Hurricane Sandy has not only caused significant property damage and the loss of life; it may also be wreaking havoc on US stock-index futures, which fell on Monday for the second straight day.
Futures trading resumed after being halted at 9:15 am yesterday. The US securities industry canceled equity trading on all markets in an attempt to protect works as the storm barred down on New York City.
According to the SFGate:
“Futures on the S&P 500 expiring in December retreated 0.6 percent from Friday’s close to 1,399.70 at 1:42 a.m. New York time. Dow Jones Industrial Average futures dropped 78 points, or 0.6 percent, to 12,976. Trading of equity-index futures and options will be halted again at 9:15 a.m.”
The losses arrive just after the Commerce Department showed consumer spending rose in September by 0.8 percent, a number higher than forecasters had predicted. Economists had believed a 0.6 percent increase would be witnessed.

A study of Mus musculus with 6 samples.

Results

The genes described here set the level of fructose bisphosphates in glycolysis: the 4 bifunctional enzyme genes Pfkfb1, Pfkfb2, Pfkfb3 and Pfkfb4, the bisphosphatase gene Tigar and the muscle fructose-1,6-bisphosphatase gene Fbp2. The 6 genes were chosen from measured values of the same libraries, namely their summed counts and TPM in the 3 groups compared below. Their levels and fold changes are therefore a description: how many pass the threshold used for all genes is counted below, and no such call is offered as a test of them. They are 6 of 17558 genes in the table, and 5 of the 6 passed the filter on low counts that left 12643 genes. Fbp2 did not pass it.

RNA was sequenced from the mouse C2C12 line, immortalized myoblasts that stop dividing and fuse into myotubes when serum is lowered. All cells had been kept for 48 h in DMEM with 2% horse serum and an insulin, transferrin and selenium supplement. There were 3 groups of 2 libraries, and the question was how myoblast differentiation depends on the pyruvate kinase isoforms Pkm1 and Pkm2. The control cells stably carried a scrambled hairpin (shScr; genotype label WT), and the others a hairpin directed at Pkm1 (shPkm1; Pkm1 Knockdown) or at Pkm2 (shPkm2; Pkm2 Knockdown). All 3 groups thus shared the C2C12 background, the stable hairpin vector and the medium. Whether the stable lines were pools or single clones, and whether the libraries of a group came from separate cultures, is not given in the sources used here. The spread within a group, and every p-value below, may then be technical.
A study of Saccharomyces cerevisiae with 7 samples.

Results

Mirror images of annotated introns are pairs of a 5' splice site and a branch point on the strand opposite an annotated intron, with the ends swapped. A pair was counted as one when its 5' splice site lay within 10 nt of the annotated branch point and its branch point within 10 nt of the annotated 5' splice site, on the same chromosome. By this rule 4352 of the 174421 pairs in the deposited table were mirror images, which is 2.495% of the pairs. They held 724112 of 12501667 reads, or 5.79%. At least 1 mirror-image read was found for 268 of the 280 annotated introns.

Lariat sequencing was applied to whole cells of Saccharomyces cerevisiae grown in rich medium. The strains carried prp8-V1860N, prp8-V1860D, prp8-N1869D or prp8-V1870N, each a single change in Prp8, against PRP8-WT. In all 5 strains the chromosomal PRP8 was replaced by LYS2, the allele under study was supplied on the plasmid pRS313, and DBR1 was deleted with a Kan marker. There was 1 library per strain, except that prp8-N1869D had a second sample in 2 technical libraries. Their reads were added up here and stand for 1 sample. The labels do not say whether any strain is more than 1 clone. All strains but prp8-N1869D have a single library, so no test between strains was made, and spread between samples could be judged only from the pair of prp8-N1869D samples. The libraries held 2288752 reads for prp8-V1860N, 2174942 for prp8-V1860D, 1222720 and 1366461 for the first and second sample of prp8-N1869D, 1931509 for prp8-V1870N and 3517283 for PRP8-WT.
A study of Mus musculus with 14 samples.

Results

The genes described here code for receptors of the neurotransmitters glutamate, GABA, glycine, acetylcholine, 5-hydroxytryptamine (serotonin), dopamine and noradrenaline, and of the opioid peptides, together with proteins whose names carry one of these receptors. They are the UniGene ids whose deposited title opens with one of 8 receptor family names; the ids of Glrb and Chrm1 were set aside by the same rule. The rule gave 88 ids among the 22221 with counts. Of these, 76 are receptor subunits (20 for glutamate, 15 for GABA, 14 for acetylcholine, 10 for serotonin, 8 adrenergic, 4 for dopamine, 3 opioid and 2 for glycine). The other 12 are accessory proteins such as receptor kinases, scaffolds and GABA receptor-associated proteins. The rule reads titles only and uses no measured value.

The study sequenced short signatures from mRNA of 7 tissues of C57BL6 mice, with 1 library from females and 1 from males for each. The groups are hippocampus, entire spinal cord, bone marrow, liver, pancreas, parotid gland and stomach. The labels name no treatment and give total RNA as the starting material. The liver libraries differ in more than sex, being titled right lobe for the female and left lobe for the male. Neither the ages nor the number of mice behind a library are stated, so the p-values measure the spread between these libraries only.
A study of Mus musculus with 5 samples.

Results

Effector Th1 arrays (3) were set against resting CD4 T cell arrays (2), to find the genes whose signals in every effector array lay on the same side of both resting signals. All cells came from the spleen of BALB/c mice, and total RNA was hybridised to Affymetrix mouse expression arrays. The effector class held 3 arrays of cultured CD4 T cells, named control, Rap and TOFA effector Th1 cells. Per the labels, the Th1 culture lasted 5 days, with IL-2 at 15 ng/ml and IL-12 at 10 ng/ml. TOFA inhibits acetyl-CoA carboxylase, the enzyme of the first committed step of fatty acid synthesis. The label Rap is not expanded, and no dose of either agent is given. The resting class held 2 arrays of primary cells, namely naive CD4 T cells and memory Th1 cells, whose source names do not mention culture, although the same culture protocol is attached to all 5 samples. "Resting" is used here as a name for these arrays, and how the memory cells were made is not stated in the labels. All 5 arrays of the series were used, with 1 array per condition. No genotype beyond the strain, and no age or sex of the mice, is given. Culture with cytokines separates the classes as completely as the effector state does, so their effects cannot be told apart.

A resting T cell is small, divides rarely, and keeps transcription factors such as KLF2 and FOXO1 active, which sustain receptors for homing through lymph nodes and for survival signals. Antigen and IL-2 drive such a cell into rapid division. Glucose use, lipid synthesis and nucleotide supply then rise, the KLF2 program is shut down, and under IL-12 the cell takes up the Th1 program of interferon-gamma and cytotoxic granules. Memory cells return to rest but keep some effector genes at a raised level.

Even before Hurricane Sandy arrived, the S&P 500 was struggling through a two percent decline in October as various companies reported worse than expected earnings for Q3 2012, while 72 percent of companies reported better than expected earnings.
The shutdown, which joined bond markets, is expected to reopen tomorrow, weather permitting.
Several reports claimed the New York Stock Exchange floor was submerged under water, a claim that has been called “erroneous” by exchange officials.
The last time such a back-to-back closure was witnessed because of weather was March 12 and 13, 1888. That closure occurred after 21 inches of snow hit New York City.
Not only are market futures being affected, but analysts believe the storm could cost upwards of $20 billion.
Many companies delayed their earnings announcements because of the storm. Among companies still to report are Pfizer Inc., Office Depot Inc., and Thomas Reuters Corp. among others.
On Monday Sam Stoval, S&P’s New York-based chief equity strategist, wrote:
“History says that hurricanes typically don’t trigger market declines. Equities are more likely driven by wider-reaching global events than localized natural disasters.”
Regardless of what is driving market declines, it’s simply more bad news for New York as city officials continue to deal with the effects of Hurricane Sandy.